My boyfriend found a chicken nugget in his bag of frozen vegetables the other day.
And just to make sure it was a chicken nugget, he popped the frozen mound into the microwave. Sure enough, it emerged crispy and delicious. Like McDonald’s.
Concerned that perhaps the workers at the packaging house were rebelling, and some poor vegetarian would end up with the same fate from another bag, my boyfriend called the company.
“Are you sure it wasn’t a carrot?” the manager asked him, after he explained his immaculate discovery.
“Of course I’m sure,” my boyfriend replied. “I think I’d know the difference between a chicken nugget and a carrot.”
Though laughing hysterically, this got me thinking. The odyssey of his chicken nugget was so outrageous, that it became contagious.
So here’s my question to you: When you write, are you being the chicken nugget in a bag of frozen vegetables?
I struggle with breaking free of clichés, as does every writer. But whether you’re a journalist trying to engage the public, a creative writer encouraging people to buy your book, or a corporate writer building your company’s brand, you won’t get anywhere if you don’t stand out.
Besides writing about the unexpected, consider these tips to transform yourself from a frozen carrot into that chicken nugget:
- The Curse of Knowledge: A communications coach from my work once fed me this term. Are you so embroiled in your area of expertise, that you forgot what it’s like to be an outsider? Think: what would excite an 8-year-old to read your story?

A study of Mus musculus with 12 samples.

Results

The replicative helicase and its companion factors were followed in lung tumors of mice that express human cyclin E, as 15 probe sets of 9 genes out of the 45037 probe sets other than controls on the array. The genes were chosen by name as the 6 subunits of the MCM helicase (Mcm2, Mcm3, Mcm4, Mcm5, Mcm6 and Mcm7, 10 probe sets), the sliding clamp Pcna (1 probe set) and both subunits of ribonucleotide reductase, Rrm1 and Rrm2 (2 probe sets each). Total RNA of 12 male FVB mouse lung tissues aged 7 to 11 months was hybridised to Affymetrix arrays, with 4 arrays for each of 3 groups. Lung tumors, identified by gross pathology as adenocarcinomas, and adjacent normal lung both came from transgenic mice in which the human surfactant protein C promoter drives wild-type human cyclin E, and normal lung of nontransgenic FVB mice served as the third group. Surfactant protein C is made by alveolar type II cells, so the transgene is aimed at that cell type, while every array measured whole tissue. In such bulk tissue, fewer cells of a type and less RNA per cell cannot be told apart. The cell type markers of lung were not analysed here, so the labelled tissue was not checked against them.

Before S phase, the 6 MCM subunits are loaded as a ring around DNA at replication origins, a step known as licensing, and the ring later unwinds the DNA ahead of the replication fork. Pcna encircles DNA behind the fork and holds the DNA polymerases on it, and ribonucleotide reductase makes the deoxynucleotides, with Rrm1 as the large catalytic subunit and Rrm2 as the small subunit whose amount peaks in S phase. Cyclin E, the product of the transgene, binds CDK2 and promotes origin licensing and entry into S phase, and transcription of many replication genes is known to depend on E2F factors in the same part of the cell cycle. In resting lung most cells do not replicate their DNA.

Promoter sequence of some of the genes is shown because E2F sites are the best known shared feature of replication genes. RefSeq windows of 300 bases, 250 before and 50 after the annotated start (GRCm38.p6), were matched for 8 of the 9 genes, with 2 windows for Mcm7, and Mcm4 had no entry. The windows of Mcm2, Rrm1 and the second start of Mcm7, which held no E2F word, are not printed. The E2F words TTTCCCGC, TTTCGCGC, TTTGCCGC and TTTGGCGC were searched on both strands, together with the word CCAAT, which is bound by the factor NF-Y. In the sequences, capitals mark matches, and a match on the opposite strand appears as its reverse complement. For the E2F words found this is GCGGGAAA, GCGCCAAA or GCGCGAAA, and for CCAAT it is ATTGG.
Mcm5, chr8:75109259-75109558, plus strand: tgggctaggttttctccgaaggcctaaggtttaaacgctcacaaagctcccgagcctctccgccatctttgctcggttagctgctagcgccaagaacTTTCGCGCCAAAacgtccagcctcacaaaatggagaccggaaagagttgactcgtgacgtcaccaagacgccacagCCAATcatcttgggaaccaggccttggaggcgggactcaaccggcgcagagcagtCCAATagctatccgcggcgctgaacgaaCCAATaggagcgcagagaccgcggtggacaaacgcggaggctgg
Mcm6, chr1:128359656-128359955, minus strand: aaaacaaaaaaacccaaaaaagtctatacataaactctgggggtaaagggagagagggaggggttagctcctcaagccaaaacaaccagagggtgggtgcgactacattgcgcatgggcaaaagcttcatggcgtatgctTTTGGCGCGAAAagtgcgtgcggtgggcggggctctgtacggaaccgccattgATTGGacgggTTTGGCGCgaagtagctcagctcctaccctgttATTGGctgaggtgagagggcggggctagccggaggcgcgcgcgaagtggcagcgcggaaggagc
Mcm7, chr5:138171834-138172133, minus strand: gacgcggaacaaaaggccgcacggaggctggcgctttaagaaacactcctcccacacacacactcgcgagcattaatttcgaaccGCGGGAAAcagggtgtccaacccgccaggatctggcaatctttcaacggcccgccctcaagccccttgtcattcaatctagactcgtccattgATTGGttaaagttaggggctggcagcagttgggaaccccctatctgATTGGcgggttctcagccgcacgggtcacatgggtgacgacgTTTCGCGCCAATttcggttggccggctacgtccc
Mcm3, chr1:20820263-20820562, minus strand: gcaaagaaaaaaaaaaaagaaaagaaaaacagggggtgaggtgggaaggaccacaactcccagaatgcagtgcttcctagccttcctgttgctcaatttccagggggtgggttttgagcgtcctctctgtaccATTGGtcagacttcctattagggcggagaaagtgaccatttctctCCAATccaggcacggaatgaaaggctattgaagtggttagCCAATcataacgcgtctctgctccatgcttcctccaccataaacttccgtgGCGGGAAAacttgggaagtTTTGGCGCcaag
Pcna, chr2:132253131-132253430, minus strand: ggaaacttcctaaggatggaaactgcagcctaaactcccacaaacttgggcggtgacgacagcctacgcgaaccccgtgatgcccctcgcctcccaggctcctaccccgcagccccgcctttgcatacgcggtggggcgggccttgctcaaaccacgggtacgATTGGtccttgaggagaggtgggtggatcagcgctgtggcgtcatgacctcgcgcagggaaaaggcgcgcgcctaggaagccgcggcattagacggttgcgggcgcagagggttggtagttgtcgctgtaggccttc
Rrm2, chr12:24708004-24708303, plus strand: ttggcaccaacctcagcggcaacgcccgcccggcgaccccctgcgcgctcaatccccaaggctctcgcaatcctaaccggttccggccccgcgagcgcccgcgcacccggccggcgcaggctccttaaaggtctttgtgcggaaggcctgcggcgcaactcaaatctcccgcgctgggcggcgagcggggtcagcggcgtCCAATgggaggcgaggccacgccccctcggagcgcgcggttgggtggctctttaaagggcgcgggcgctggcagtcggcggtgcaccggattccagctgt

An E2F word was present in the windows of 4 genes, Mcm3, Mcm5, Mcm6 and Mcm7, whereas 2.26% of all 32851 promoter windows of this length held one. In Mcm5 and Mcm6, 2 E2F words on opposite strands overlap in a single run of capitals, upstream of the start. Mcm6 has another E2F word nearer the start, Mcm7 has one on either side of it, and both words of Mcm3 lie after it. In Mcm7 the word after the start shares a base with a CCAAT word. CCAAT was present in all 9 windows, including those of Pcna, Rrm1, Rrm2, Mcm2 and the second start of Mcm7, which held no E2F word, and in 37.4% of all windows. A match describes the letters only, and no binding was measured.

- Humor: Of course, this depends on what you’re writing, and for whom. But while making people cry takes talent, making people laugh takes true genius. Ask yourself: am I laughing as I’m writing this?
- Your Personal Voice: Don’t you want to slap those teenagers who try on new identities as easily as they change outfits? With writing, you need to let your unique voice shine through. Don’t try to be anyone else, except you, even if you’re writing for a company (yes, I said it!).
- OBSERVE: Admittedly, I’d forgotten this tip lately. My boyfriend had to remind me that the best writers observe the world around them. Are you stepping back and just looking? Seinfeld was insanely successful for a reason.
- Realism: I don’t care whether you’re writing about a real person, or a character you developed. That person, and his or her story, better be realistic and believable. If people can’t relate, they won’t care. Which leads me to my next point . . .
- Conflict: We’re all drama kings and queens at heart. Without conflict in a story, we’re bored! Build the tension of conflict, whether for a novel, article, or short story. In the corporate world, you can do this too. Established a new process? Interview an employee and learn how hard their job was before the new process kicked in.
Considering this is probably the longest blog I’ve ever written, I’ll stop here. But make yourself that chicken nugget in the bag of frozen vegetables—and surprise the world!